March 20, 2012 — Leave a comment

While this may look like a new series, it really isn’t. If you’ve been around for less than a year, you probably haven’t seen me post anything about eschatology. Depending on what you think that word means, what follows below may have very little to do with “eschatology.” When it’s construed as end times scenarios, I think eschatology in that sense is inherently speculative and shouldn’t take too much of our focus.

However, when eschatology is thought of as the culmination of redemption history and an area of thought focused on understanding ultimate things and not just last things, then I think it is a) something every Christian should study, and b) something that will have practical implications for how you live your live now.

Whatever is most ultimate in your eschatology is what you are living your life for. It is what your hope is set on and it’s what you’re longing to see or achieve one day. In other words, everyone has a native eschatology, not about how the end times will play out (though many do), but concerning what the point of history is and why we are still here living our lives. The question is whether or not you have a Christian eschatology, and if so, how that might be drawn from Scripture. A smaller question is the order of events in the culmination of history (is there a rapture? if so, is is before, during, or after the tribulation? is the millennial kingdom later, or is it now?). It is a shame though that many people only focus on those questions, or make them dividing lines in the theological sand.

While I probably don’t even come close to answering most of the those kinds of smaller questions, I do touch on them. I’m more concerned with the larger eschatological questions, and just so you know, that’s what an eschatology class looks like at Dallas Seminary. While Dallas is distinctively known for dispensationalism, our eschatology class wasn’t end times chart after end times chart. You might find it surprising, but we spent several weeks in Genesis discussing God’s purposes in creation, and only part of a week on the order of events leading up to Christ’s second coming. It wasn’t what I expected, but it was a great class and it helped me clarify my thinking in several areas.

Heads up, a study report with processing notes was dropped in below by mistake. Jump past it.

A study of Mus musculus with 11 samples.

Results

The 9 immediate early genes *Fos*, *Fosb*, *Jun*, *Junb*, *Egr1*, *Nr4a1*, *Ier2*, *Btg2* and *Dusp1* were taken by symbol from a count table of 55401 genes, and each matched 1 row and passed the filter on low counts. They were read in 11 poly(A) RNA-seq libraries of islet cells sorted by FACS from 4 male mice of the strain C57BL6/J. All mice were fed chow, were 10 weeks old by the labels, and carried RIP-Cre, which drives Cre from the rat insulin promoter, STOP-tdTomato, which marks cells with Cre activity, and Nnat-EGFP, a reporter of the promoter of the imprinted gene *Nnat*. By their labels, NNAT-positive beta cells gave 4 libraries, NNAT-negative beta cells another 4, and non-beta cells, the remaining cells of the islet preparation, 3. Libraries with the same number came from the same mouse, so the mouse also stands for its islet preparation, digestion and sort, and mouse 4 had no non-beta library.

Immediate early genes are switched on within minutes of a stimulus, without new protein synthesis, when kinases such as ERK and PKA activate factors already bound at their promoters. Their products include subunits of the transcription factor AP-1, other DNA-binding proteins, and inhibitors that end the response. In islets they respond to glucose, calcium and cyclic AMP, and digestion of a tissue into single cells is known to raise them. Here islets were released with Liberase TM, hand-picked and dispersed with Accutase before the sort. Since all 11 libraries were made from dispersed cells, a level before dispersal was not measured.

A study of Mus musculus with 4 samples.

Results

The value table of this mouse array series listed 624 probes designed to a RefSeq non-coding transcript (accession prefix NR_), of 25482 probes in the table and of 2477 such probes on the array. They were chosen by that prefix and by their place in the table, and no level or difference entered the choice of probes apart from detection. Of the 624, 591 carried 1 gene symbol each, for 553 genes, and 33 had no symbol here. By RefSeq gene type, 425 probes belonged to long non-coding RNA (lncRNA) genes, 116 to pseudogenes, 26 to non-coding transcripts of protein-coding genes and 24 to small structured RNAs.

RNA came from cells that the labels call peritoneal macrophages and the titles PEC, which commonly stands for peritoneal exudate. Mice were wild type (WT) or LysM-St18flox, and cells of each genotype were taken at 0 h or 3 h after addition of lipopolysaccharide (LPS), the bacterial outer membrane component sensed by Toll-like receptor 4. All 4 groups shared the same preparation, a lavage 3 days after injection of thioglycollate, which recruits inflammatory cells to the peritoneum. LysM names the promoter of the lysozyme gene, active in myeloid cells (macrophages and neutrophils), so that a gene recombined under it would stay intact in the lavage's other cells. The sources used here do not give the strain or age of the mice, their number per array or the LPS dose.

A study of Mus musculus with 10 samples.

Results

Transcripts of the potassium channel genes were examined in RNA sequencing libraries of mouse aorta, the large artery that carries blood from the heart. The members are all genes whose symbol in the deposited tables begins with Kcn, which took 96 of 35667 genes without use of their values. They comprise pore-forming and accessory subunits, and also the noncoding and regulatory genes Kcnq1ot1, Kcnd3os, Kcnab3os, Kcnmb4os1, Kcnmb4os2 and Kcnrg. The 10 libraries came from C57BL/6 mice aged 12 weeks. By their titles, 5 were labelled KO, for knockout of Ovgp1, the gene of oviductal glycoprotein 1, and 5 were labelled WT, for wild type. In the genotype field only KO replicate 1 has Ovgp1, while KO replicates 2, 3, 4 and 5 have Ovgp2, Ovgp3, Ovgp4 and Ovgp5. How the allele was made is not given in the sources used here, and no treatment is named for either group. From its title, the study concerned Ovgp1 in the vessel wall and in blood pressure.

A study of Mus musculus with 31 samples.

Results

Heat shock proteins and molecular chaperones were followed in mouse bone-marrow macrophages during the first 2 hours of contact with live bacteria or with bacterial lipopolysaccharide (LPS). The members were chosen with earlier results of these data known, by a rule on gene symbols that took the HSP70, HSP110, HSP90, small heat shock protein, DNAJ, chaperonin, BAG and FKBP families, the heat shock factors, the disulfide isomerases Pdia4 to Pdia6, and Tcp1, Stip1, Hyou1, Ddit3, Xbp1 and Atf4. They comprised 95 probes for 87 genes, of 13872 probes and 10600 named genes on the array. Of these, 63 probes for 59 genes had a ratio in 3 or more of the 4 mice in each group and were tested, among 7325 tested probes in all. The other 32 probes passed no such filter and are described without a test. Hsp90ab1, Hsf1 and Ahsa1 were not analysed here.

As I was processing all this (roughly 2 years ago now), I of course blogged on it. I had meant for it to be a series, but these posts were written were before I linked posts in a series together the way I do now. So,  a couple of years later, here I am making a table of contents page for a series that is actually already long completed.

That means instead me of announcing an upcoming series that may or may not be finally finished, I’m announcing a finished series. That way, you can just go ahead and dig through these posts and tell me what you think.


Alright, here’s the line up:

This certainly isn’t exhaustive, but it does cover most of the bases. I’ll have a review up soon of 40 Questions About the End Times, and may revisit some of these topics in my Second Thoughts series.

Especially as we’ve been going through Mark at CrossPointe I’ve been reminded that eschatology is an important topic and transcends discussions of end-times scenarios. Some of my reading in N. T. Wright is pushing me to re-think things even further than I did above as I was taking eschatology at Dallas. Even further developments are owed to my reading in The Cross From a Distance, but you’ll have to wait on a post from that book until next week.